Peer-to-peer mentoring is becoming more common on college campuses. Some departments have peer mentoring programs. Other times, students may connect with a mentor through their Honors Society or an extracurricular program.
In a peer mentoring relationship, one student tends to be a little older and more advanced, while the other tends to be less advanced. However, there are times when two students, often with different perspectives or approaches, can mentor each other from the same level.
So, why has peer mentoring become so common, and what benefits does it offer for the mentor and mentee? Take a look.
Working with a peer mentor gives you a chance to see your coursework and college career through a different light. You can go to your mentor with questions you have about a specific course, worries about pursuing a certain field, and so forth. Your mentor can listen to your perspective, and then provide their own. For example, if you tell your mentor, “I’m hesitant to take Eco 201 next semester because I’ve heard there’s a lot of hands-on work and I struggle with that,” your mentor might say “I found the hands-on work challenging, too, but now I’m glad I had that opportunity to build my skills.”
When you’re in college, it can sometimes feel like you’re the only one struggling with certain class material or having a hard time with certain decisions. This can lead to a lack of confidence, and in some cases, a sense of imposter syndrome. Working with a peer mentor is a good way to improve your self-confidence and reassure yourself that you’re not alone. As you get to know your mentor, it will become clear that they, too, are human — and probably struggle with a lot of the same things you do. Knowing that they have been able to push through and achieve can inspire you to do the same thing yourself.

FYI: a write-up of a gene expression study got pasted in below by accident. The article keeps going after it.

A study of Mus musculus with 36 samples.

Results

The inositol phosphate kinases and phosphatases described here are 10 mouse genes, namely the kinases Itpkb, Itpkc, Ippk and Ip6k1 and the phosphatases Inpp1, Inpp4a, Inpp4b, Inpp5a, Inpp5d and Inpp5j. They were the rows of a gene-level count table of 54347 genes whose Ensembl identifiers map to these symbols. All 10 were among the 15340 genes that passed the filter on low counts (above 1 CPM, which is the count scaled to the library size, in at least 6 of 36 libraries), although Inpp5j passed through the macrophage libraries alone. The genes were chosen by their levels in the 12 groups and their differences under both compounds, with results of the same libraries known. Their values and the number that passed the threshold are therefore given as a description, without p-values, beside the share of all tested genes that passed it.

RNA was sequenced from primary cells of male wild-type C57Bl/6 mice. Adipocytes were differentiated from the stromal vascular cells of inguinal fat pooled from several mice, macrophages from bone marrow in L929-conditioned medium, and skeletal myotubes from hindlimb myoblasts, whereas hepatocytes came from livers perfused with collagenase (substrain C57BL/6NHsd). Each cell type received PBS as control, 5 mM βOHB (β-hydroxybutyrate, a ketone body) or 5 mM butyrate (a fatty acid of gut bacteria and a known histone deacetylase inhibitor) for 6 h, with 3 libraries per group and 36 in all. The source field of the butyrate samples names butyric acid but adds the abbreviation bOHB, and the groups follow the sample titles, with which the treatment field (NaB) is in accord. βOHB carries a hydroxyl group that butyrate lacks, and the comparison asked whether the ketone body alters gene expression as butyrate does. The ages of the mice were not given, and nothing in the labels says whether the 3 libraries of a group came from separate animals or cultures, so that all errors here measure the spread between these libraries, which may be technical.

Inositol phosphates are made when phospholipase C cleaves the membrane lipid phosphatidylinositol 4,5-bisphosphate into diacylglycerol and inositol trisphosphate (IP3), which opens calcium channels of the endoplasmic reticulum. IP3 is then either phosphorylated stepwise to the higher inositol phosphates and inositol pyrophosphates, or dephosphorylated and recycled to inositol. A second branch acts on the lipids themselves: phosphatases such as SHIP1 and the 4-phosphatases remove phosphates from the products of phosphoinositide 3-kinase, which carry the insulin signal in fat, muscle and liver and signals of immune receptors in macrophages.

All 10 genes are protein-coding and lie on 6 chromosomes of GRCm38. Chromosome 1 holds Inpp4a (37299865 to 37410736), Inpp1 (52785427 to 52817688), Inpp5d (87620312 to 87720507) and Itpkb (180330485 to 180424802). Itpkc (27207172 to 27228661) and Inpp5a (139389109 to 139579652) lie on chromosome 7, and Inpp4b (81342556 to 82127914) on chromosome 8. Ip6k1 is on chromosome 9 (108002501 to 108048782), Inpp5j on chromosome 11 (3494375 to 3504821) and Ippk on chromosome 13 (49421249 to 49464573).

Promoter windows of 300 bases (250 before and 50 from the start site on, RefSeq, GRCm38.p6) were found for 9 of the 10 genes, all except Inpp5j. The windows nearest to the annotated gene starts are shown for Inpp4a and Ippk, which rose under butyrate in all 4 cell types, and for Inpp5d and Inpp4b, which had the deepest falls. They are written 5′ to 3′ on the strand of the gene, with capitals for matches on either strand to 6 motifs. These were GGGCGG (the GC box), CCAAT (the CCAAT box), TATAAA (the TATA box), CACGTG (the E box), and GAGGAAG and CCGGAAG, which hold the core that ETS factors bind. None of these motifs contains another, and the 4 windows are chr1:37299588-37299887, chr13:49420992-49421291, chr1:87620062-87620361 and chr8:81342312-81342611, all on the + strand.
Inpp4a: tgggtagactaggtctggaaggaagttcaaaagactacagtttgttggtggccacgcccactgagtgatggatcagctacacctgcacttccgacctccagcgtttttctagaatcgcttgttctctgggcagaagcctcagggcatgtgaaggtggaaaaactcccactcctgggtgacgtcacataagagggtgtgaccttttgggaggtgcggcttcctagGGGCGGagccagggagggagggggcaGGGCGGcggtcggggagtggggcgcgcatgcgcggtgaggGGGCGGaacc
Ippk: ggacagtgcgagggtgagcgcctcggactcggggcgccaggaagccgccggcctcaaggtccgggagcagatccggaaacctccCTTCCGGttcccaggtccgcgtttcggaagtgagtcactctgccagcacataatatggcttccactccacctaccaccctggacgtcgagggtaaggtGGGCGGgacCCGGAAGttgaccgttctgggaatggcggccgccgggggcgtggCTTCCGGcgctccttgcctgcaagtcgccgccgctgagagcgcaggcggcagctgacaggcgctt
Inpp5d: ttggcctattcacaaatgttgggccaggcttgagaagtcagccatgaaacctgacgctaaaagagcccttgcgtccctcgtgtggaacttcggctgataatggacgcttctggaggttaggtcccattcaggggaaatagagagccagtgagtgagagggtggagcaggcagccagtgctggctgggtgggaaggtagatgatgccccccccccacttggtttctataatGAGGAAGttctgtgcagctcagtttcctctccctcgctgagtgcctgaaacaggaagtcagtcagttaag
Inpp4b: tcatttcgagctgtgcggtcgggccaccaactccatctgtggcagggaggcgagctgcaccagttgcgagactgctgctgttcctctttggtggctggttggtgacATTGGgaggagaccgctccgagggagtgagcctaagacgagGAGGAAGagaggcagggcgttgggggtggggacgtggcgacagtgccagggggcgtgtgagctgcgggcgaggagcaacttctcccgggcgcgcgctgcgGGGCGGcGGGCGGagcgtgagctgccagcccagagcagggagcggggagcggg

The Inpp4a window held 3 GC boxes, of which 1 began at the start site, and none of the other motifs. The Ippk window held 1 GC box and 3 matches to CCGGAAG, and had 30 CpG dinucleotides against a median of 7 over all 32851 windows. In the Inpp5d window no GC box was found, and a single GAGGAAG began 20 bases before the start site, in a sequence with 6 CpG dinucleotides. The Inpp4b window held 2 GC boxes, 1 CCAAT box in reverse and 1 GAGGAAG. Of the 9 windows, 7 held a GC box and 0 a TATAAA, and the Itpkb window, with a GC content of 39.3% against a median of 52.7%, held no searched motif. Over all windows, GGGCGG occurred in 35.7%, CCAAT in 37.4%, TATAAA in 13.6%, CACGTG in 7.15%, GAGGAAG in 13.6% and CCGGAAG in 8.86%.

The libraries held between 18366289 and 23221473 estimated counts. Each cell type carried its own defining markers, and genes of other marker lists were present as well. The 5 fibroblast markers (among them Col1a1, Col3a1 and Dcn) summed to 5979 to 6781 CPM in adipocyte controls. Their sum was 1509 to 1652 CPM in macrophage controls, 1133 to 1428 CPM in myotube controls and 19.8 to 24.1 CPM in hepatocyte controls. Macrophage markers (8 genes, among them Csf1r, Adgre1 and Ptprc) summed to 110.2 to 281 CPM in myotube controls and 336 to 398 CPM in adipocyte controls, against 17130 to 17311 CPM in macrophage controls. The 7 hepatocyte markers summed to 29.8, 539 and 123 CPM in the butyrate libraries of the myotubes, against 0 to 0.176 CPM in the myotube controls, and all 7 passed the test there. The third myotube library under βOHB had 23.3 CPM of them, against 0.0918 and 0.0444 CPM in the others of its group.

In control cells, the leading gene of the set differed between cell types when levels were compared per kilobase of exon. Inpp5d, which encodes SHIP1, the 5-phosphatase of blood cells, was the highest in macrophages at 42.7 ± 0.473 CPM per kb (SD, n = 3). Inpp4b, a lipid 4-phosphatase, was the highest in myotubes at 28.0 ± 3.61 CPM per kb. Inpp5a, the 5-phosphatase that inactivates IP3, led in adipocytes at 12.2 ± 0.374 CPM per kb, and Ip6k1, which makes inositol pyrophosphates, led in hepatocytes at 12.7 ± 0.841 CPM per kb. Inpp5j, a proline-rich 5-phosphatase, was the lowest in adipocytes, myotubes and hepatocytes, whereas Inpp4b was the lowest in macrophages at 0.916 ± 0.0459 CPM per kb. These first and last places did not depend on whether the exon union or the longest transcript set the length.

Building a network is essential for finding positions post-college. It can be intimidating to start networking with professionals and upper-level executives in your field. But networking with other students is a more approachable way to start. Your peer mentor may be able to introduce you to more people in your field, helping you build your network. Networking with them is also a chance to build your networking skills so that months or years down the road, you are more confident networking with professionals.
When you are fresh out of college and looking for your first career position, hiring teams want to see that you have experience working and collaborating with others. Participating in a peer mentoring program gives you a way to demonstrate this sort of experience on your resume. Many mentees stay in the same peer mentoring program and start mentoring younger students themselves after a few years. When you’re involved in the same mentoring program for four years, that also shows longevity. It demonstrates to an interviewer that you stick around and stay involved for more than a few months, which is important.
Participating in a peer mentoring program, either as a mentee or a mentor, is a great way to meet others, start networking, expand your horizons, and build confidence. Look for a peer mentoring program through your university or through your honors society, and get involved. You can learn a lot by helping others — or by allowing them to help you.